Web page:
Is cybersecurity a priority for your business?

Do new regulations and recent cyberattacks provide enough of an incentive for companies to focus on digital security and data privacy?
9 July 2018 | 574 Shares

Alexander Nix, CEO, Cambridge Analytica, on Centre Stage during day three of Web Summit 2017 at Altice Arena in Lisbon. Source: Flickr / Sam Barnes/ Web Summit via Sportsfile

In light of the recent Facebook and Cambridge Analytica data scandal, and the new General Data Protection Regulation (GDPR) implemented by the European Union (EU), companies are taking cybersecurity more seriously.

As a result, businesses are more likely to invest in security and risk management tools and solutions now.

According to Gartner, security leaders should harness this increased support and improve their organization’s operational resilience to cyberthreats.

The Equifax data breach that cost the CEO, CIO, and CSO their jobs, a WannaCry attack that caused worldwide damage estimated at between US$1.5 to US$4.0 billion, Verizon’s US$350 million discount on its purchase of Yahoo! as a result of the latter’s data breach, among other high-profile cases, have sensitized businesses.

“Business leaders and senior stakeholders, at last, appreciate security as much more than just tactical, technical stuff done by overly serious, unsmiling types in the company basement,” said Peter Firstbrook, Research Vice President at Gartner.

Further, businesses are also more careful about the word of law today.

The regulatory and legal environment is getting ever more complex, with the EU’s GDPR and California’s new Data Privacy law.

At the same time, the potential penalties for failing to protect data properly have increased exponentially.

The GDPR, for example, can levy a penalty of up to EUR20 million or 4 percent of a company’s worldwide turnover (whichever is greater).

In the U.S., the number of organizations that suffered data breaches due to hacking increased from under 100 in 2008 to over 600 in 2016, according to Gartner.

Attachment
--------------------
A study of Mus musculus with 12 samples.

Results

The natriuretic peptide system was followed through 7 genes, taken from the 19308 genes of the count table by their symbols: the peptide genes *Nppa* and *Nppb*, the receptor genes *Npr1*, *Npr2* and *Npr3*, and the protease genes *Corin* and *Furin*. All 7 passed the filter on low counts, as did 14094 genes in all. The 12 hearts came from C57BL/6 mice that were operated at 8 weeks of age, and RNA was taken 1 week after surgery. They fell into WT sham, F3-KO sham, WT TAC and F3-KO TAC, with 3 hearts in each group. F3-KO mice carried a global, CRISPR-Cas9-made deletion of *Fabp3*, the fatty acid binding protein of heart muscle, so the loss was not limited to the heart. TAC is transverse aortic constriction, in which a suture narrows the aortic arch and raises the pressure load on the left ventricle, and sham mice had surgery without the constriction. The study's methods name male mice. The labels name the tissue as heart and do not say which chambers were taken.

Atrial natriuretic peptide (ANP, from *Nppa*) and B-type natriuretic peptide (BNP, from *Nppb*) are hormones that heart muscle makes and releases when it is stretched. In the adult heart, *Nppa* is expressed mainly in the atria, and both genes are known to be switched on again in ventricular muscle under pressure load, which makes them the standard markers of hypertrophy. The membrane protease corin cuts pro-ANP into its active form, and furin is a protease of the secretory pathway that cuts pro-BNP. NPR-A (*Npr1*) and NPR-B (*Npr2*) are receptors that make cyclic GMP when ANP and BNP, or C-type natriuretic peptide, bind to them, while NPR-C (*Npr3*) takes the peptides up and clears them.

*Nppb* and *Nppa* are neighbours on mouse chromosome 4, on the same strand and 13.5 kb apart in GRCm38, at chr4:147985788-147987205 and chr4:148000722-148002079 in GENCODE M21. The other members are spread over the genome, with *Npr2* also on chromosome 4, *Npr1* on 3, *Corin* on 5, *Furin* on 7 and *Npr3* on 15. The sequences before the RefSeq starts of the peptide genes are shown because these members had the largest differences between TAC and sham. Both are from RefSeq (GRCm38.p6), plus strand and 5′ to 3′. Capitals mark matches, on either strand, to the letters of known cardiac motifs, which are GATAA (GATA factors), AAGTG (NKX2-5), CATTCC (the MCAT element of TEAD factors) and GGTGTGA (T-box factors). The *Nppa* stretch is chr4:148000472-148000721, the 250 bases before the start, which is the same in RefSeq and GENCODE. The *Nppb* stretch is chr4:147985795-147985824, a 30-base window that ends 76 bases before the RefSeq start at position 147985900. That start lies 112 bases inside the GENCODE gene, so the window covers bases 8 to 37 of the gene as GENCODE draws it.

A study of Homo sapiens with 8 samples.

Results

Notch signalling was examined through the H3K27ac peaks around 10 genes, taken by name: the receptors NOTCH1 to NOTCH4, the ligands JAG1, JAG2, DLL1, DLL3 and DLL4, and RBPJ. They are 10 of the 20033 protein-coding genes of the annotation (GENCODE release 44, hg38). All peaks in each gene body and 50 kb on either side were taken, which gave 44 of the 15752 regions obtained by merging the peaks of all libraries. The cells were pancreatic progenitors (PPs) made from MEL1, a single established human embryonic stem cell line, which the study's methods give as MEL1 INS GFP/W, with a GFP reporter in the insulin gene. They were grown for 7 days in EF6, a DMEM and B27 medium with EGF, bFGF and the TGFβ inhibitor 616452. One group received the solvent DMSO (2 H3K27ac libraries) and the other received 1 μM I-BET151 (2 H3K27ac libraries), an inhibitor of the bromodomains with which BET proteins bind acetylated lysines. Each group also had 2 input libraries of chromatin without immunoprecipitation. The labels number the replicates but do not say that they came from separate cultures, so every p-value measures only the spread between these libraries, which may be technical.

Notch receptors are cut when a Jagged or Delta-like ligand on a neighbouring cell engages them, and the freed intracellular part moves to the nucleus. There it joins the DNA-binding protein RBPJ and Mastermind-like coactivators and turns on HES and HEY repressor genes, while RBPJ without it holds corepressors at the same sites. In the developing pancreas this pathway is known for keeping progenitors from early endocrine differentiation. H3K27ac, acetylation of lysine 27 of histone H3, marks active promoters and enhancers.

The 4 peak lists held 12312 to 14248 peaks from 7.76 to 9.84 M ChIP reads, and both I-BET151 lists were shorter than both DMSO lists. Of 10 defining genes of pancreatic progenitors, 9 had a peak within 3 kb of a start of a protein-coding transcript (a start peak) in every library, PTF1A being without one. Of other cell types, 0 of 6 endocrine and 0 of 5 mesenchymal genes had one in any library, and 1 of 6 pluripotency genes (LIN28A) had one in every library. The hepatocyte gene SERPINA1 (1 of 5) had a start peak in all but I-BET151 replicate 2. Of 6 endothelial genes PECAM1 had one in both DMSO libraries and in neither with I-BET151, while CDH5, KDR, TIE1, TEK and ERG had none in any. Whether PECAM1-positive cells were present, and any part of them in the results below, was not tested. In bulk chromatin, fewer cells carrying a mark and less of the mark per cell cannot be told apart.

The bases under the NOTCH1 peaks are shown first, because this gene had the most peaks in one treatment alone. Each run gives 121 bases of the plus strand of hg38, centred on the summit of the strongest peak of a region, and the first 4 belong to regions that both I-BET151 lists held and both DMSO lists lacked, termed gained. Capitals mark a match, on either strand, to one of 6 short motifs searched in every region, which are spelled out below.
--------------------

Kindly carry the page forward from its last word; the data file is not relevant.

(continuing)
“It’s no surprise that, as the value of data has increased, the number of breaches has risen too. In this new reality, full data management programs — not just compliance — are essential, as is fully understanding the potential liabilities involved in handling data,” explained Firstbrook.

As a result, companies are looking at new and innovative technologies that can safeguard their data and protect the business against cyberattacks.

However, as new detections technologies, activities, and authentication models require vast amounts of data, they can quickly overwhelm current on-premises security solutions., which is driving companies to look for cloud-delivered security products.

These are more capable of using the data in near real-time to provide more-agile and adaptive solutions.

According to Gartner, the shift to the cloud creates opportunities to exploit machine learning (ML) to solve multiple security issues, such as adaptive authentication, insider threats, malware, and advanced attackers.

Some of the 3,600 security professionals interviewed for the Cisco 2018 Security Capabilities Benchmark Study stated they were reliant and eager to add tools like ML and artificial intelligence (AI) but were frustrated by the number of false positives such systems generate.

“While still in its infancy, machine learning and AI technologies over time will mature and learn what is “normal” activity in the network environments they are monitoring,” Cisco’s report said.

Analysts at the Gartner, however, predict that by 2025, ML will be a normal part of security solutions and will offset ever-increasing skills and staffing shortages.